Between April 2015 and June 2017 The Heritage Lottery Fund funded the East Cleveland Batscape (the forerunner of the Cleveland Bat Group).
The project recorded ten different species of bat in the East Cleveland area. The majority of detections were of the common pipistrelle, but a significant number of records were made of the Nathusius’ pipistrelle, a species which has been only rarely recorded in Great Britain and Ireland.
Three new species to the East Cleveland area were recorded by volunteers including soprano pipistrelles and Leisler’s bats. A single detection of a serotine bat in East Cleveland became the most northerly record known within the UK.
The project recorded ten different species of bat in the East Cleveland area. There are just 17 species of bat resident in the UK. A summary of the project’s findings in terms of these bat species, is given below.
Eighty-five percent of detections were of common pipistrelle. This is slightly lower than the national average (around ninety percent). Many of the common pipistrelle calls that we detected had a very high start frequency.
Only two Nathusius’ pipistrelle bat passes had previously been recorded in the East Cleveland area. Seventeen were recorded during the East Cleveland Batscape project.
Four percent of all detections were of noctule bats. This is normal for most places in the UK.
Brown long-eared bats are understood to be misrepresented within bat data for varying reasons, so it was expected to not receive a high number of detections. Only twenty-one recordings were made. A further survey undertaken as part of the new Cleveland Bat group has uncovered a spot with brown long-eared calls during peak mating time, so this is a site we are interested in continuing surveys. Some of the detections as part of the East Cleveland Batscape data are rather unusual and had to be verified by more than one bat expert.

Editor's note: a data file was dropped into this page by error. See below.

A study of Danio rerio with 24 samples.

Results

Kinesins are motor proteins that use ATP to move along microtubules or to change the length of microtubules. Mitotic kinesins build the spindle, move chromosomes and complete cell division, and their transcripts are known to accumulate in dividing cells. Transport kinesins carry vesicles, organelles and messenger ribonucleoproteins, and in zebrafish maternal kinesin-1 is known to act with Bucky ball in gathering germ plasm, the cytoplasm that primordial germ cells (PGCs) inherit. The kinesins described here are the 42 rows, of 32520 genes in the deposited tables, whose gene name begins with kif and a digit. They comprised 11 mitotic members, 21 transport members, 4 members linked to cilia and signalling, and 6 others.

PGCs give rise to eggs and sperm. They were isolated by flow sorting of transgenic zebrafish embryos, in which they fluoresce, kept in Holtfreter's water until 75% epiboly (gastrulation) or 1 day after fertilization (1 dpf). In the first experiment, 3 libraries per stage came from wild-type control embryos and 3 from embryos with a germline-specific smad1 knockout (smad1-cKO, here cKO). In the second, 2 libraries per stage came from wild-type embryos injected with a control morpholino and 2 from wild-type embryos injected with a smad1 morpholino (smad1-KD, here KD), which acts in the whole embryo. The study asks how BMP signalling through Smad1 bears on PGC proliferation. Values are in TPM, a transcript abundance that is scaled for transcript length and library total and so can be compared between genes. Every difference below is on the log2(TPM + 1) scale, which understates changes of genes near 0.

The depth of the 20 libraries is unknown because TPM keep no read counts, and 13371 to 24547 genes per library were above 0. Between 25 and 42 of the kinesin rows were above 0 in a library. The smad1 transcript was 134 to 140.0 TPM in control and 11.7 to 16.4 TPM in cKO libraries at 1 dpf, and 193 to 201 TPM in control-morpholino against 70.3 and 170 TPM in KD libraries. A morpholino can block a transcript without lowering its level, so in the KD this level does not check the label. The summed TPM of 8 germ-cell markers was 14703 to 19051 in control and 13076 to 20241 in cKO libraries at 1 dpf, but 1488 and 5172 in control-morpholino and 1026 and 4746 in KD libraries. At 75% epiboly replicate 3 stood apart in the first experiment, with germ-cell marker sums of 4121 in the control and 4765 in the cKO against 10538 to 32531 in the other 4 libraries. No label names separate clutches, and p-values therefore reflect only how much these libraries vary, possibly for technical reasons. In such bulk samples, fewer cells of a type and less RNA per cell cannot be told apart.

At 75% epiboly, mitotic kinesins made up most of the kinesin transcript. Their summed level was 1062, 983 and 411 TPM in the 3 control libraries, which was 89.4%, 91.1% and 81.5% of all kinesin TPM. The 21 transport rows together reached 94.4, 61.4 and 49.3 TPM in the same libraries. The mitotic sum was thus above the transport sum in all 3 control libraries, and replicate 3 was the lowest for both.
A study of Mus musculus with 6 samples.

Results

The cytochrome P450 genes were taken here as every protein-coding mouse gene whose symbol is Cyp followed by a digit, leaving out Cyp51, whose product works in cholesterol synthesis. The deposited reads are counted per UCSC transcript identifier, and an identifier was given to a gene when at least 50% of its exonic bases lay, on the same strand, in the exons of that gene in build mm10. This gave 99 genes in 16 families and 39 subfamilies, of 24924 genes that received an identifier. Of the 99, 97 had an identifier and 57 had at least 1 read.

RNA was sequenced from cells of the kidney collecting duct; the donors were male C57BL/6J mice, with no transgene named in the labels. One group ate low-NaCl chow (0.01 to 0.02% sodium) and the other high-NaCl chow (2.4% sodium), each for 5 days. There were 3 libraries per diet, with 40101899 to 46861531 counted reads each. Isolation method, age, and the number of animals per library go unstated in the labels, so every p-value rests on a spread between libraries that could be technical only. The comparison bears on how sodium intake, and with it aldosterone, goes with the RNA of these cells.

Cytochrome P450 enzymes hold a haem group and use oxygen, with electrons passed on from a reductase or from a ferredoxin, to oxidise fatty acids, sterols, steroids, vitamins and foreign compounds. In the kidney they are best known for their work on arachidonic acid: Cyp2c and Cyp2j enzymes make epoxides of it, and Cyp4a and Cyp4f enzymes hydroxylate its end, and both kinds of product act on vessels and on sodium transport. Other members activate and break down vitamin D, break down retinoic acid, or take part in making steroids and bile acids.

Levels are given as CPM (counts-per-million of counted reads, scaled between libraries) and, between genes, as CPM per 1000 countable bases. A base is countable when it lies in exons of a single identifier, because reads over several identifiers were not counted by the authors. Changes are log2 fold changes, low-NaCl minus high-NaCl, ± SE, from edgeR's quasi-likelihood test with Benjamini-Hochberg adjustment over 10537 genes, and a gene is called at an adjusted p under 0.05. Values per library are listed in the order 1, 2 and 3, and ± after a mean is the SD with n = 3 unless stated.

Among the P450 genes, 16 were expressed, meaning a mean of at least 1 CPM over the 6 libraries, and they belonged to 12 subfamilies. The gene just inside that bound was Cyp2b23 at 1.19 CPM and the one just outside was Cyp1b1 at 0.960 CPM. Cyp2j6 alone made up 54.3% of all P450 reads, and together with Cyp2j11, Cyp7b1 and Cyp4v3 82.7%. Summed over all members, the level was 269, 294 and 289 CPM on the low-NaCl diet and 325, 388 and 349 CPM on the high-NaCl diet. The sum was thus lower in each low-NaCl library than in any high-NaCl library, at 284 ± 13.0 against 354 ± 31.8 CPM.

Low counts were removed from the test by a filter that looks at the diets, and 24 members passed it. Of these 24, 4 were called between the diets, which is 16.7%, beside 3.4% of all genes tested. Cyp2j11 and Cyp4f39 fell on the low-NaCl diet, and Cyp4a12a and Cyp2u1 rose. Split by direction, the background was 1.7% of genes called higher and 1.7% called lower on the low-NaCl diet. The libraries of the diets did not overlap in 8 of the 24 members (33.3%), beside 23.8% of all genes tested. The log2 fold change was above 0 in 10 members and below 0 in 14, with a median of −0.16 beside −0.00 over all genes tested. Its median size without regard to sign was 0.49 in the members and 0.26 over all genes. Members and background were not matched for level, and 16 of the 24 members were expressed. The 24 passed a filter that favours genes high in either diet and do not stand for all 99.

Myotis species (Daubenton’s, Natterer’s, Brandt’s and whiskered bat)
Nine percent of all bat detections recorded were of myotis species (965). This genus is very difficult to identify between species and so most detections are simply recorded as myotis species.
Low numbers of the Daubenton’s (33), Natterer’s (11) and Brandt’s bats (2) were identified. The whiskered bat was not identified but this is not a surprise. This highlights the difficulty in identifying to species level, even when using bat detectors considered to be capable of collecting acoustic data at the highest quality. Only if a very loud and distinctive call is produced by the bat and then received well by the ultrasonic microscope of the bat detector, can a myotis bat be determined to species level.
Three new species to the East Cleveland area were recorded by volunteers undertaking surveys as part of the East Cleveland Batscape:
Of the ten thousand plus bat pass detections analysed and checked, thirty-three were of soprano pipistrelle. There were no previous recorded detections of soprano pipistrelles in East Cleveland.
Leisler’s bats have been recorded previously to the North, South and West of the Cleveland area, but never actually recorded within Cleveland. Two recorded bat passes on the edge of Skelton beck woods were therefore interesting, but not totally unexpected.
The single serotine bat record is the most northerly record known within the UK. There are few records in the north of England and this bat is considered a rarity. This was a very exciting find.